ADHD Myth #1: Women aren’t affected by ADHD
Let’s talk about the #1 myth about ADHD in adult women!
We don’t know who started this, but it’s time to end it.
Not only are 50-75% of women with ADHD undiagnosed, but women aged 26-34 are the fastest growing population undergoing treatment for ADHD.
Why do so many women live with undiagnosed ADHD?
More than a few reasons, but here are a few main ones:
- ADHD symptoms in women as children tend to be more internalized (inattentiveness) vs. externalized (hyperactivity or impulsivity).
- Inattentive ADHD symptoms are more likely to be incompletely diagnosed (or even misdiagnosed) as simply anxiety and/or depression.
- Women are more likely to employ coping strategies to cover up their ADHD symptoms and forego seeking an ADHD diagnosis. (This is at least partly because women are, for better or worse, historically more societally conditioned to be “people pleasers,” which includes efforts to push themselves to look “put together” to others, masking their ADHD symptoms to outsiders.)
Since we’re on the subject, what might a Predominantly Inattentive ADHD patient struggle with?
Inattentive-Predominant ADHD patients can struggle with starting, maintaining effort on, and completing tasks – in any or all areas of their life – whether it’s a chore within the home, a project for work or an essay for school.
The disorganization of an ADHD brain can overwhelm us when there’s decision to make or an action to start – often causing us to either shut down or make mistakes.
Some very common scenarios for Inattentive-Predominant ADHD are:
- If we start a task and we can’t complete it, we can beat ourselves up for “failing”.
- If we start a task and we make mistakes because we can’t maintain our focus on it, we can feel things like frustrated, embarrassed, or “incompetent.”
- And, if we can’t get ourselves to start until the last minute – regardless of how long we had – we stress ourselves out, often using guilt and shame as motivators.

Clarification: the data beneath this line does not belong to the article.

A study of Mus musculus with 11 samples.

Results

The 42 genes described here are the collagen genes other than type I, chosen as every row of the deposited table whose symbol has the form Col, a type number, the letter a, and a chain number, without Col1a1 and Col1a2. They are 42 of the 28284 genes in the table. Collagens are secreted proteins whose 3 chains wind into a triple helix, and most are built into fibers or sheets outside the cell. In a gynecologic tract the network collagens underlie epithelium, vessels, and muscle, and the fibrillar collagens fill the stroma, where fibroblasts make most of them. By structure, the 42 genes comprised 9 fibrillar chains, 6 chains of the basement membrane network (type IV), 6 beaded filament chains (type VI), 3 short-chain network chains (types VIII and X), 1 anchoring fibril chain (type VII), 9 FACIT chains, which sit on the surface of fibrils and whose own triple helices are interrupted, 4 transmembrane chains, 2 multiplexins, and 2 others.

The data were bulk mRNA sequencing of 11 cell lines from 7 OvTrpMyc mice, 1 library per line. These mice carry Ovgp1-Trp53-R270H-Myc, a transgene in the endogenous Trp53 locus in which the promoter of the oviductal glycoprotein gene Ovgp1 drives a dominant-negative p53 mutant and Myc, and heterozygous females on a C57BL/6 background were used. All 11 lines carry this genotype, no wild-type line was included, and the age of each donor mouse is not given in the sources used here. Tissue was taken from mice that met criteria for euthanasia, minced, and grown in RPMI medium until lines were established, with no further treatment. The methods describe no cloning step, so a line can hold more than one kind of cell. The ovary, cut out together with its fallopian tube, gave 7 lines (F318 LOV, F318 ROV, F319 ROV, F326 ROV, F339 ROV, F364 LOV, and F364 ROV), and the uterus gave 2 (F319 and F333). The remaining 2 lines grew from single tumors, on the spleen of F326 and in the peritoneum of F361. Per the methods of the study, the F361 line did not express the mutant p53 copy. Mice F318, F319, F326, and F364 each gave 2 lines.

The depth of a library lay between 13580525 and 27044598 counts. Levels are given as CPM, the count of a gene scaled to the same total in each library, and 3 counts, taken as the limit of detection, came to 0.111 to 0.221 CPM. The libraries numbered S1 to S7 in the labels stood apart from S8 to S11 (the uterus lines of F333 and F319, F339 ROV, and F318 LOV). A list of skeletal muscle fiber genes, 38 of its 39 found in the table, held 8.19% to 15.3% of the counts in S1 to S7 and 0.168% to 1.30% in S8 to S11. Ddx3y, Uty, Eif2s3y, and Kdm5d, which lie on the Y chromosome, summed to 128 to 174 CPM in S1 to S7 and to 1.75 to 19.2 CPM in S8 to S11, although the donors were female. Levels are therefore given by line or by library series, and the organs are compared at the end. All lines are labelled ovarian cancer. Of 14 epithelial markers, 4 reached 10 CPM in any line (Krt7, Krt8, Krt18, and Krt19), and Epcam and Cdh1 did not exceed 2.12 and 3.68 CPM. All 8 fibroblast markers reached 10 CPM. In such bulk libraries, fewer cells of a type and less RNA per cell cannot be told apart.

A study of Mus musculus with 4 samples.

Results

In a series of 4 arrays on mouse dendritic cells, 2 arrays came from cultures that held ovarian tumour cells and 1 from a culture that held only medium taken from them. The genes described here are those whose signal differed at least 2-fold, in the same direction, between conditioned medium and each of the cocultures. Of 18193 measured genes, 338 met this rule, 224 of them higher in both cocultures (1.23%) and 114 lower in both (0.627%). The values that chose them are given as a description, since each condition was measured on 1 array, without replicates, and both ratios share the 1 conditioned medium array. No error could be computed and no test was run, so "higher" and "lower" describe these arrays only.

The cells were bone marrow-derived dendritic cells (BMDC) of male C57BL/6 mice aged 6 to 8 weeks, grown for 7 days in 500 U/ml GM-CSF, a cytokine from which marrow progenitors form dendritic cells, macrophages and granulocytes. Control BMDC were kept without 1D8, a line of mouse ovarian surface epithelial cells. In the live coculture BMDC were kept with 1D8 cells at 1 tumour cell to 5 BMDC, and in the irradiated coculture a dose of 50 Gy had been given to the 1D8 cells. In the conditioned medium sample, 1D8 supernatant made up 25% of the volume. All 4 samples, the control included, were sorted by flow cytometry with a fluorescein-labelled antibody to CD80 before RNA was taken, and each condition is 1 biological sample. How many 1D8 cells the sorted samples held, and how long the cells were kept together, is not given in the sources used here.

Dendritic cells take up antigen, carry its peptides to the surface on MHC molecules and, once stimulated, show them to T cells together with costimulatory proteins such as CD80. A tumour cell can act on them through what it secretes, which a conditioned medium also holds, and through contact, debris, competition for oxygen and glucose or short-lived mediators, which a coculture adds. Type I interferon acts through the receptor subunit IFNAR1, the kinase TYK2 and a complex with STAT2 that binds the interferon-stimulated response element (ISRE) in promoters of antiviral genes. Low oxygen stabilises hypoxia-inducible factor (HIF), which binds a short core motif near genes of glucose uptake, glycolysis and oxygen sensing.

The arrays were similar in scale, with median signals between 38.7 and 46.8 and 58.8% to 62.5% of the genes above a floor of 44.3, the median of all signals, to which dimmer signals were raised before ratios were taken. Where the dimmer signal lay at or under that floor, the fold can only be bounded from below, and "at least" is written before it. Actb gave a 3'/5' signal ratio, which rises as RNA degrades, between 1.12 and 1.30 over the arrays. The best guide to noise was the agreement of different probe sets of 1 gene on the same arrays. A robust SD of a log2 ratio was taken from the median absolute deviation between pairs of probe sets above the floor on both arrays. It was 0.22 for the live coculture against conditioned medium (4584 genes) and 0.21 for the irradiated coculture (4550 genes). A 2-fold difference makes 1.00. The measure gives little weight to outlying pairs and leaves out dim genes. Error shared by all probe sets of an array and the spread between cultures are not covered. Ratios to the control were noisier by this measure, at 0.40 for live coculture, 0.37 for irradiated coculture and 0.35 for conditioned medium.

All of these can create feelings of anxiety and/or leave ourselves mentally (and sometimes physically) exhausted.
Are there any groups of women more likely to be diagnosed with ADHD?
In general, those undergoing stressful life events or other big life changes – even positive ones, like getting a promotion! When we change our environment or add more responsibility onto our plate, our coping strategies that we have trained our brains to use to overcome our ADHD symptoms cannot always keep up. This is a very common time for patients to do some self-reflection on their ADHD symptoms – which have often been around for years – and decide to reach out.
Some common groups of women seeking out a diagnosis for ADHD include:
- Women starting graduate school
- Women changing or starting new jobs
- Mothers of young children, particularly those who have recently gone back to work
- Mothers whose children were recently diagnosed with ADHD
How can we help reduce instances of undiagnosed ADHD?
Normalize ADHD. Not only in women but in everyone. Help end the stigma around it.
ADHD is a neurological disorder – it isn’t a choice. So don’t be afraid to seek help if you feel yourself struggling with it.
Take our ADHD Assessment and sign up for an ADHD evaluation with Focus Partners. Our ADHD specialists provide online ADHD treatment services via telemedicine to our members located in Ann Arbor, Chicago, Cincinnati, Cleveland, Columbus, Dayton, Toledo and throughout the states of Illinois, Michigan and Ohio.